Year A: December 15, 2019
First Reading: Isaiah 35:1-10
The Boy Who Grew a Forest: The True Story of Jadav Payeng by Sophia Gholz
(Written for ages 5-8)
Comment: We are not certain when these words were written but they seem to describe the time when Jerusalem fell to Babylon. Many of the Jews were taken into exile then and they lived for at least 75 years in Babylon, miles from their home in Jerusalem. If you’ve ever been homesick you will know how they felt. But Isaiah gives them hope. He compares the future with a green and and verdant land with glorious mountains. He encourages the people to be strong and to look to what God will do for them. In this future the blind will see, the deaf hear, the lame leap, and the mute sing for joy. A highway will lead to this land, a safe and clearly marked roadway will lead the returning captives to Zion. There will be singing and great joy. The word picture that Isaiah paints in this passage can be illustrated in today’s true story about a boy worried about his own island that was shrinking as floodwaters took away the trees on the island and eroded much of the land. He watched animals lose their homes because of the devastation to the land and worried that if animals were suffering so much from the loss of their trees, would human suffering be far behind? He began planting a stand of bamboo on the river banks and when it grew and animals began returning, he planted new trees for them. For many years, he planted trees that allowed animals of every type to find a home there and also provided resources for building homes. His life’s work was planting, pruning and protecting this forest that was home to such a richness of human and animal life. The pictures in this book are good ones to show a green and verdant land, and to talk about how God’s promise was about planting, pruning and protecting as well.
Second Reading: James 5:7-10
Sprout, Seed, Sprout! by Annika Dunklee
(Written for ages 3 – 7)
Comment: A young boy gets an avocado seed from his father. With one glass of water, two careful hands and three pointy toothpicks, he begins the process of trying to get the seed to grow. As he moves the seed from a water glass to a pot, placing it the sun and engaging friends to sing song to it, there is lots of ‘waiting, waiting, waiting’. The process takes time, and the book shows how the boy grows over the years as he continues to work to nurture the plant that eventually grows into a tree. Christians to whom James writes have been oppressed and cheated by evil land owners. James encourages them to be patient, to wait like the farmer for the coming of the Lord. Wait without complaining about one another. Christians expected the Lord to return soon although Jesus had said we could not mark the day of his return on a calendar. They would have to wait patiently even though they saw wrong doing. Most of these Christians were poor with little political or economic power. How could they wait patiently? What does patient waiting look like? The little boy in our book today waited, but he was also working to give the avocado what it needed to grow during the waiting period. Do you see things in our world today that are wrong? What might patient waiting for God look like for us?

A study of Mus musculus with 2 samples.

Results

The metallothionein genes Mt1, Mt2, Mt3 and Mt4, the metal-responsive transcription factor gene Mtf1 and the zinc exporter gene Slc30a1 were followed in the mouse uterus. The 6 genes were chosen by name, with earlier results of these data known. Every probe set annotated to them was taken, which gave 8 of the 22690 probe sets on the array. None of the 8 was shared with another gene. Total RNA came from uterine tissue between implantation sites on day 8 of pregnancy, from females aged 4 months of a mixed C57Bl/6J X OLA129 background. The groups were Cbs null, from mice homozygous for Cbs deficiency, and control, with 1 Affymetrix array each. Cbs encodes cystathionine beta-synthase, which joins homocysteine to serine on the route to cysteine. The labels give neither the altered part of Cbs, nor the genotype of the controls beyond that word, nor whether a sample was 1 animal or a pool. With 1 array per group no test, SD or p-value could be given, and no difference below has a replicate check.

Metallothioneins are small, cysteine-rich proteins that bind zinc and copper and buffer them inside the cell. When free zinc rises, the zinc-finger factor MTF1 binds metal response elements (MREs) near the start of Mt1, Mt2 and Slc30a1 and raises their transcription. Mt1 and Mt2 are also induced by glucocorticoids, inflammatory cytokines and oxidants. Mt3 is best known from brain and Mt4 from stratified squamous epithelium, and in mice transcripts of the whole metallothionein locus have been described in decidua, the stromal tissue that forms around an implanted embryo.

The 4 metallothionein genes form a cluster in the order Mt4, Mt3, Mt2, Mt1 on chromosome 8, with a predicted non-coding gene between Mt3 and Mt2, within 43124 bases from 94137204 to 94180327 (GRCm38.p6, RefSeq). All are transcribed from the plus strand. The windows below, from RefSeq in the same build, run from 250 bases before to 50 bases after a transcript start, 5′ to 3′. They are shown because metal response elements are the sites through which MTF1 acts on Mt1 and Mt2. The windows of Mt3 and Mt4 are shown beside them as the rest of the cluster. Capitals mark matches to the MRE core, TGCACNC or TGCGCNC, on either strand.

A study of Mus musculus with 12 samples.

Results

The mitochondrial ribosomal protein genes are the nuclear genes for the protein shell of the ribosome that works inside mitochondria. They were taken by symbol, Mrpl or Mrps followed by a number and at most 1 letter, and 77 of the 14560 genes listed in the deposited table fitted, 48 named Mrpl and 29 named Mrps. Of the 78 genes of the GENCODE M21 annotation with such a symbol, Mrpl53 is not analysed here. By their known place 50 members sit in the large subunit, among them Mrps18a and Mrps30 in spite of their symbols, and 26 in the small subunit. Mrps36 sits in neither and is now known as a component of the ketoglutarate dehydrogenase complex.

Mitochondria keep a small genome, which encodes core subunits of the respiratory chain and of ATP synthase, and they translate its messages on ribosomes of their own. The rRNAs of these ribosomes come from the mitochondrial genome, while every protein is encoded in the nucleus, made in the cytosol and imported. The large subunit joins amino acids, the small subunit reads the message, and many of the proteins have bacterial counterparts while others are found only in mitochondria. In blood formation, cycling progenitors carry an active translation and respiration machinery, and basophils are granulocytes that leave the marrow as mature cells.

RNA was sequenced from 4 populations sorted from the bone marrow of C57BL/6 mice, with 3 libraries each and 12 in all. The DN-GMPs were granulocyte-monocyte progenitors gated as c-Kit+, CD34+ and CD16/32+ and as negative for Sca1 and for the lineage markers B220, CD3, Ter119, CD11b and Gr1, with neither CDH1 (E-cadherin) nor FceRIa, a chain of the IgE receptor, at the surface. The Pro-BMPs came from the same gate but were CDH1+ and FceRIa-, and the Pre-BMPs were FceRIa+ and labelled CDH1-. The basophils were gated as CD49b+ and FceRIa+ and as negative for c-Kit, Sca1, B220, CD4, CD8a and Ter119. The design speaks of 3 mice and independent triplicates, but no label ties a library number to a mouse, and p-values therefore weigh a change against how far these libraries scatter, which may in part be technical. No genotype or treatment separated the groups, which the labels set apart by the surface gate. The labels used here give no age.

Gospel Reading: Matthew 11:2-11
The One Day House by Julie Durango
(Written for ages 4-8)
Comment: In last Sunday’s passage from Matthew, we met John the Baptist declaring in no uncertain terms that the Messiah was on his way and that people needed to change their ways in order to greet him Today, we read that John seems almost hesitant in understanding who Jesus might be: “Are you the one who is to come, or should we look for another?” (v. 3, CEB) Jesus tells his disciples to report back to John what they are hearing from Jesus and seeing him do. Maybe John, like many, was expecting a different kind of Messiah. But Jesus shows by his words and deeds what kind of Messiah he will be. As Arland J. Hultgren states, “[Jesus] comes among us in his Word and through the Spirit to stir us up to get involved in his ministry among those who are left out, on the margins of society and who are in need.” Wilson is a young boy with a elderly friend, Gigi, who lives in a home that is in need of lots of repairs. He frequently tells Gigi what he will do to her house “one day” – fix her windows so she can feel the breeze, fix her stairs so she can sit on the balcony, fix the roof so that the wind and snow can’t get in. Then, one day, a whole community of people show up at Gigi’s house and make the repairs that Wilson has been dreaming of for her. We, like Wilson, are called to participate in the work of reaching out to the those that are in need. Jesus calls John, and us, to see where he is going, what he is doing, how he is saying we should live – and participate with him.
The Revised Common Lectionary Links this week were co-written by Virginia C. Thomas, a frequent book review contributor, and Ann Thomas Knox.